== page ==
I’m about ready to strangle my 5 year old son. EVERY morning he throws the same tantrum: “I don’t want to get dressed. I’m too tired to brush my teeth. I don’t want to go to school…” I’ve been practicing Flash Forgiveness, but as soon as I forgive, he throws something else in my face, usually the same crap he threw the day before.
I feel like I’m wasting all my flashes of forgiveness on him. Kind of like those old flash cubes that we used to place on Kodak cameras. So I’ve come up with a new form of Flash Forgiveness.
Strike first and ask for forgiveness later.
Flash forgiveness does not work if we can’t stay in the moment. We may flash forgive, but the next time we are offended by the same person, we feel double offended since our forgiveness seemed to have no effect. In actuality we weren’t really forgiving in the first place, we were simply flashing through the moment.
So in order for the forgiveness to take, I am adding two new rules.
Erase the past
. When we flash forgive, someone’s trespass is wiped from our memory. Think of that handy tool they used in Men in Black that would wipe people’s memories away. This way each new encounter starts off with a fresh slate. This is my practice of cultivating unconditional love. Even if someone hurt me before, I will embrace them today with an open heart.
I know what some of you are thinking—“Kozo, have you lost your mind? ‘Hurt me once, shame on you. Hurt me twice shame on me’.”Just because we view others with an open heart does not mean we open ourselves up for attack.
If we are in the present moment, then we can fully sense the intentions and energies of others. Sometimes those that have hurt us before have changed. Sometimes those that used to be our friends are out to hurt us. We’ve all seen a movie where the main character runs from someone s/he thinks is out to harm them right into the arms of someone who s/he trusts who happens to be the real villain.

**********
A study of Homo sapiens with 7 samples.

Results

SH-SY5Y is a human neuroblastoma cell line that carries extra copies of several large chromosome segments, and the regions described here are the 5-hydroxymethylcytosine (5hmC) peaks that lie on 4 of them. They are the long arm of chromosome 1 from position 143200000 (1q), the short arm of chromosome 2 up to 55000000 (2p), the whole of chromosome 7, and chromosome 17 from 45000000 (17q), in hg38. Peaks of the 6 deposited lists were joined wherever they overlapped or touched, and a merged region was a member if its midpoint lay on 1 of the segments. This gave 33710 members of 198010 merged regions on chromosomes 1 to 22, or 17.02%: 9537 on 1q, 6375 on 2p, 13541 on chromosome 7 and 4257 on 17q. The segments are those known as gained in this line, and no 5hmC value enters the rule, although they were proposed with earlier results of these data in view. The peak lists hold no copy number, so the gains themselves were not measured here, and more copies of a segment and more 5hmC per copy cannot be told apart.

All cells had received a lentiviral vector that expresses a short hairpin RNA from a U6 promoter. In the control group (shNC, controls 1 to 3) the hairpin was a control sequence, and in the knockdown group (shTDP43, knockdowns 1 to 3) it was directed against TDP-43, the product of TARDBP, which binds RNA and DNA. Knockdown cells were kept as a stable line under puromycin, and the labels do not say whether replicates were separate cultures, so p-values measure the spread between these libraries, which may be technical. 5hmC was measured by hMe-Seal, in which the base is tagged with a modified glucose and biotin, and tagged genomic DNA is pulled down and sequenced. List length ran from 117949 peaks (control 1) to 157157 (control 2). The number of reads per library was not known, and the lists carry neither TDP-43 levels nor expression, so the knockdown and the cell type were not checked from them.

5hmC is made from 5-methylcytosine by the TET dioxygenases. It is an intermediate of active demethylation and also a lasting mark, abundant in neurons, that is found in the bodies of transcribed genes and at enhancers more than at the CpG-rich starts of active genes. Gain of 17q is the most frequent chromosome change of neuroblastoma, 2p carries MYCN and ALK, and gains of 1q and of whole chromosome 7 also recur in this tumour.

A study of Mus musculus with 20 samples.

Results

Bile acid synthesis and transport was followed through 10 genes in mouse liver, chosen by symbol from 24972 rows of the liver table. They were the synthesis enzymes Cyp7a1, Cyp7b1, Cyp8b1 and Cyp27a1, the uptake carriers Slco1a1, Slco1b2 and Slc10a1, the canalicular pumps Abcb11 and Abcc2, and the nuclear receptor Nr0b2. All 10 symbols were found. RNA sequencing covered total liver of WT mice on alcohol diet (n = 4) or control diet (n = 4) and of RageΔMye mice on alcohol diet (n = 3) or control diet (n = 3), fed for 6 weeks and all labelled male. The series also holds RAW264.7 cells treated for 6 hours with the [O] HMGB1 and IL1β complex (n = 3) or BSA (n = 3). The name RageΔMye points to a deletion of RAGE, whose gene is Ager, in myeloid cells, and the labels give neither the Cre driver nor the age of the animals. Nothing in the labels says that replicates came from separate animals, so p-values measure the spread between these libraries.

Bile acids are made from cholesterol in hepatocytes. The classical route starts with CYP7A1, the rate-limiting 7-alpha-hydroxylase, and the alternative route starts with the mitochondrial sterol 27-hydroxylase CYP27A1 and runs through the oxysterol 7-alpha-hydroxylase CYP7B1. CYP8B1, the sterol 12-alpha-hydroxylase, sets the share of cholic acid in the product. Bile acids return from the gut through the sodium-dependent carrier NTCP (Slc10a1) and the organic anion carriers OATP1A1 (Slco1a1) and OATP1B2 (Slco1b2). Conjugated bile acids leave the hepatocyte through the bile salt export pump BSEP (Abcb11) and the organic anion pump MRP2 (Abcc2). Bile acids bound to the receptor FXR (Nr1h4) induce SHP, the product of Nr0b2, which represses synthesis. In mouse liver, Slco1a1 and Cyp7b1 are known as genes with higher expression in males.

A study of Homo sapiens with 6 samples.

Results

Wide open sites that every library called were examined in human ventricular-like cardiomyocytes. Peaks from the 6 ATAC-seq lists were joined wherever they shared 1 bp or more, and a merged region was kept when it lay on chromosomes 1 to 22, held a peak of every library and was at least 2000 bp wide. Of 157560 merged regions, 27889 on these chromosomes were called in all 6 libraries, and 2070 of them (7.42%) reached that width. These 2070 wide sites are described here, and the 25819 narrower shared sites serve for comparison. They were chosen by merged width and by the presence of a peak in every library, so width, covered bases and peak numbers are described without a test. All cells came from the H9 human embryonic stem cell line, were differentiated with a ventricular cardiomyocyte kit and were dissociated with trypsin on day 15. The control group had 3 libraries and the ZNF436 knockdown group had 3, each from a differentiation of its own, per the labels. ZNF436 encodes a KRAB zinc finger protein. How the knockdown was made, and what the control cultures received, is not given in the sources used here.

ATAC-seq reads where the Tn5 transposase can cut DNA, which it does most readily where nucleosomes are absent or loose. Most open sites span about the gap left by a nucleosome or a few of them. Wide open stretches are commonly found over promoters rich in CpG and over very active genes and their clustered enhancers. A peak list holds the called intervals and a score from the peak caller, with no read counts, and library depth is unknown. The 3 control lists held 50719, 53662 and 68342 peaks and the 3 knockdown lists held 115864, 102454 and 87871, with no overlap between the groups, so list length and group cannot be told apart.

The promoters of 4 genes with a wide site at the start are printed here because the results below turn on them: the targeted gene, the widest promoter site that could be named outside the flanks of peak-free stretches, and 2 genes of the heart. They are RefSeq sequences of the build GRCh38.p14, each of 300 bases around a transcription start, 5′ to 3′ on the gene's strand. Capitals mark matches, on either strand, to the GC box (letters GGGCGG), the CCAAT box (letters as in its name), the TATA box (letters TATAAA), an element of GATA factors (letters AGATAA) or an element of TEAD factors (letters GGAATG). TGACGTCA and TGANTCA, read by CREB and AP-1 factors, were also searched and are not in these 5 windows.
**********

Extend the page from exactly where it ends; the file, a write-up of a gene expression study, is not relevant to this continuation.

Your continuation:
Forget the past. Let the present be your guide.
Kareem Johnson in his article, “Prejudice vs. Positive Thinking,” mentions a study where participants were unknowingly made to smile by being instructed to hold a pencil in their teeth and not let it touch their lips. Try it. It’s kind of like a sh#t-eating grin.
Research has shown how posing a smile “can be enough to produce mild positive emotions and can lead to more favorable evaluations of other people.” Even a “fake smile” affects how we view others.
By forcing ourselves into a positive emotional state, we are more likely to forgive with an open heart rather than empty words. Ironically, fake smiles prevent feigned forgiveness.
So when we put everything together, we get a process very similar to having our photo taken–Smile>Flash>Forgive>Forget.
I tried this new method out on my son this weekend when he broke the mirror on the bathroom door where he was supposed to be in time-out. “That’s it. No Birthday Party for you” was my first response. I returned five minutes later, smiled, and said, “I forgive you, son.” He looked confused, but later that night he came up to me while I was meditating, kissed me, and said, “I love you, Daddy.”
Thank you for reading, sharing, and/or smiling.
Do you believe that forgetting the trespasses of others is dangerous? Please share.